Bella & Beau 2019: Signs Show A Possible Egg

Osprey nest location:  Cambridge, Maryland, Chesapeake Bay Region, USA

April 20, 2019

In the past 1½ weeks, Bella & Beau had to deal with some rain and a lot of windy days, many days exceeding 20+ mph, even a couple days of gale force winds.



The wind played havoc with Beau’s continued hard work to build a strong nest.  But he has never given up, no matter the weather.

Beau delivering sticks to the nest


Even Bella has been helping, specifically materials for the nesting cup they have created.

Bella bringing more nesting cup materials


Bella found something different that she worked into the nesting cup


With all those sticks arriving, they have to be placed just right, according to Beau.


Sometimes Bella disagrees, and a tug-of-war occurs.

One rule about an Osprey nest, it is to be kept clean of poop.  The chicks are taught early to back up, lift their tail, and aim up & over the nest rim to the outside world.  Bella gives an example.



Mating has been non-stop.  Beau’s instinct is strong to procreate!  When they finish, most times Beau takes off the nest, fetches a stick, and returns back to place it for Bella.

It is important that the male show his commitment to the female so she knows he can provide a nest as well as feed her and a new family.

So Beau has also been quite busy fishing and bringing back meals to Bella.  Beau will usually eat the head first before taking it to Bella so he can get some nourishment as well.  Bella can be very aggressive when Beau arrives, usually snatching it away from him, then taking off with the fish to a telephone pole across the creek from the nest.




There’s still the occasional harassment from other area Osprey.  No longer any real challenges, just the airspace territory they all think they own around them.  The Osprey seem to all have their own nests now and are busy with their lives.  Thank goodness, they all really challenged Bella & Beau to take their nest platform from them.   We said it before, waterfront real estate is prime!



There is also the occasional Bald Eagle that ‘passes through’ overhead, much to the frustation of Bella & Beau.  I was watching and taking some photos of them, when they both started screaming, took off the nest and flew towards me.  Why are they flying at me so angry?



I snapped some shots but was also looking away from my camera towards them, making sure I wasn’t possibly getting attacked.  I saw then they weren’t looking at me but something up over my head.

Bella in a frenzy flight


Beau also in a frenzy flight


What was the frenzy about?  Suddenly, a Bald Eagle passed out in front of me, with Beau in pursuit.



The Eagle kept on going, trying to out-fly Beau.  Proud Beau finally gave up the chase as the Eagle headed off.

Last year, Bella laid her first of three eggs on April 17th.  I’ve been on watch, looking for signs for this year’s first.  During the last few days, more mating occurred, and the nest was constantly being attended to.  In addition, I noticed both Bella & Beau did a lot of napping.  A busy last few days!

It is exhausting being an Osprey!


Beau even began laying in the nest cup as if he was incubating, while Bella stayed perched alongside the nest rim or if she left with a fish.  This worried me at first, I wondered had Bella laid an egg but didn’t care to incubate it, yet Beau was trying?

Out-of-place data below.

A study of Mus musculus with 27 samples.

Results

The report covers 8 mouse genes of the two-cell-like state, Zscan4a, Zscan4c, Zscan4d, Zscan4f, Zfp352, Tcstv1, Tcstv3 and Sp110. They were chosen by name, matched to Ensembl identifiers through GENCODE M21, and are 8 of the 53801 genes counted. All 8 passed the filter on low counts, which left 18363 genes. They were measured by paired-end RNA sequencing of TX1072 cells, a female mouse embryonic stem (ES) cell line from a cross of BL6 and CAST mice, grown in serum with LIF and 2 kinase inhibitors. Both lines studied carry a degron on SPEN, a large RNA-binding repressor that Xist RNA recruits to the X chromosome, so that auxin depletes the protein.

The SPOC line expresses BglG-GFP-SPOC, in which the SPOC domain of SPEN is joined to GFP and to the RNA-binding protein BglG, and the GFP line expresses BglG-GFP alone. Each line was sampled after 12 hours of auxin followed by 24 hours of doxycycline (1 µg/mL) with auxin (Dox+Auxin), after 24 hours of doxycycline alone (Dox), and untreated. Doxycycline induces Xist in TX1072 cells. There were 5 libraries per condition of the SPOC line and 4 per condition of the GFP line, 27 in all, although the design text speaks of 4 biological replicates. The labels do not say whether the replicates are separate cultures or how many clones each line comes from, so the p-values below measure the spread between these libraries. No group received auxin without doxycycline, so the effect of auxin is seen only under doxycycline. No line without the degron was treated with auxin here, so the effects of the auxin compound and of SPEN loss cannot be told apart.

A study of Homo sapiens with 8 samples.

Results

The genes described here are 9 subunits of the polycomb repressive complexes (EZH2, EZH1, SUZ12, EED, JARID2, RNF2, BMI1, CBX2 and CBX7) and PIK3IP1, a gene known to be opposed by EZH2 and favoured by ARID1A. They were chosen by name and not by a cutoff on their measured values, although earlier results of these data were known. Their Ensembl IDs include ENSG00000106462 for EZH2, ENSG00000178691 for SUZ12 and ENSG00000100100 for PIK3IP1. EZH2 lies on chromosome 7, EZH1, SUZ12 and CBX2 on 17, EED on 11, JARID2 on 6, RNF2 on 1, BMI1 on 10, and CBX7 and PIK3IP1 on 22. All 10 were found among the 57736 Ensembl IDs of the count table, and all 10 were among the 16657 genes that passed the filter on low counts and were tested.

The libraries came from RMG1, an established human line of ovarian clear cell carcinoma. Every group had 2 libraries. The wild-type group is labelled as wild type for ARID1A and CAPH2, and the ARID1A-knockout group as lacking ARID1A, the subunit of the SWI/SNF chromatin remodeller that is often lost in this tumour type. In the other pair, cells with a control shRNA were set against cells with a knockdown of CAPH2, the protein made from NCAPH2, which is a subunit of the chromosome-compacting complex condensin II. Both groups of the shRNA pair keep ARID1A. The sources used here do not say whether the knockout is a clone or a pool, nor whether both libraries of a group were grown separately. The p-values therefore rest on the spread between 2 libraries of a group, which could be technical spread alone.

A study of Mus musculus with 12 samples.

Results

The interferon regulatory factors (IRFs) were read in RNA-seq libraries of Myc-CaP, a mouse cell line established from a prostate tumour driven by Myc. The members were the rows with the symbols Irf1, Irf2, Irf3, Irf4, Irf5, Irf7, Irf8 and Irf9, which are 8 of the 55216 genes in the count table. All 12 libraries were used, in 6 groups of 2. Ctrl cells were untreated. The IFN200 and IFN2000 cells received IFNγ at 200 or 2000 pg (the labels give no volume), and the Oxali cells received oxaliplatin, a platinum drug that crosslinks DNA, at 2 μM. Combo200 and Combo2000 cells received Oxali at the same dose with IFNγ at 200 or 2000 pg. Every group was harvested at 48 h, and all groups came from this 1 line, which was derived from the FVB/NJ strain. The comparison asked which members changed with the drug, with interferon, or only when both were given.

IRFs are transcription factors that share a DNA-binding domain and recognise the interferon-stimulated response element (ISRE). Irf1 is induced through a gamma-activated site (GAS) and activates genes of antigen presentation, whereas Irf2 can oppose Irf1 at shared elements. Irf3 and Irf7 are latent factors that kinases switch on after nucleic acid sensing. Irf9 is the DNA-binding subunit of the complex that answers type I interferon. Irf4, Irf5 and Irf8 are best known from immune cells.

When Beau left the nest, Bella would not change her perch.  I researched this odd behavior and found that the male will possibly start mimicking incubating as another sign to the female he can be the Dad he needs to be when she needs a break.  I had never seen this before!



Beau in the nesting cup, practicing incubating


Well, today, I believe was finally the day!  Early this afternoon, Bella changed her normal perch stance, and got into the nesting cup.  I checked on her often with my binoculars; and she remained there, shifting, panting, napping, moving soft nesting materials around her.  Beau would arrive and perch, look at Bella often, and then leave.



I only saw Bella get up once, taking a quick flight due to a pedestrian walking below the nest platform with a dog.  She quickly returned and I watched her shimmy and shift, as if she was incubating.

Bella returning quickly after a pedestrian worried her, immediately getting back into an incubation positioning


My last shot this evening at a cloudy sunset.



If Bella did in fact lay an egg, up to 2-3 more eggs can follow, each laying 1-3 days after the previous.  Time will tell this coming week!

With that exciting news, I’ll end with a bunch of beauty shots of the hopefully soon-to-be parents, Bella & Beau.


Bella in flight




_DSC0601-1 41819Another wingspan shot of Beau




Note:  The majority of my photos for the Bella & Beau series are shot from my balcony about 200+ feet where I’ve got just enough advantage height equal to the top of the platform.  My equipment:  a Nikon D200 and D750, with a Nikon AF-S VR-Nikkor 70-200mm F2.8 lens combined with a Nikon Teleconverter (1.7x magnification), zooming all the way in.  At photo processing, it is then necessary to crop at least 50% to share close-ups with you.  The Bella & Beau series is not so much about high-quality photos (although I seriously strive to get the best, detailed shots for the storyline!) as it is about the antics and adventures of an Osprey pair’s daily life.  It is also my hope you will learn a little bit about the amazing Osprey and enjoy following along!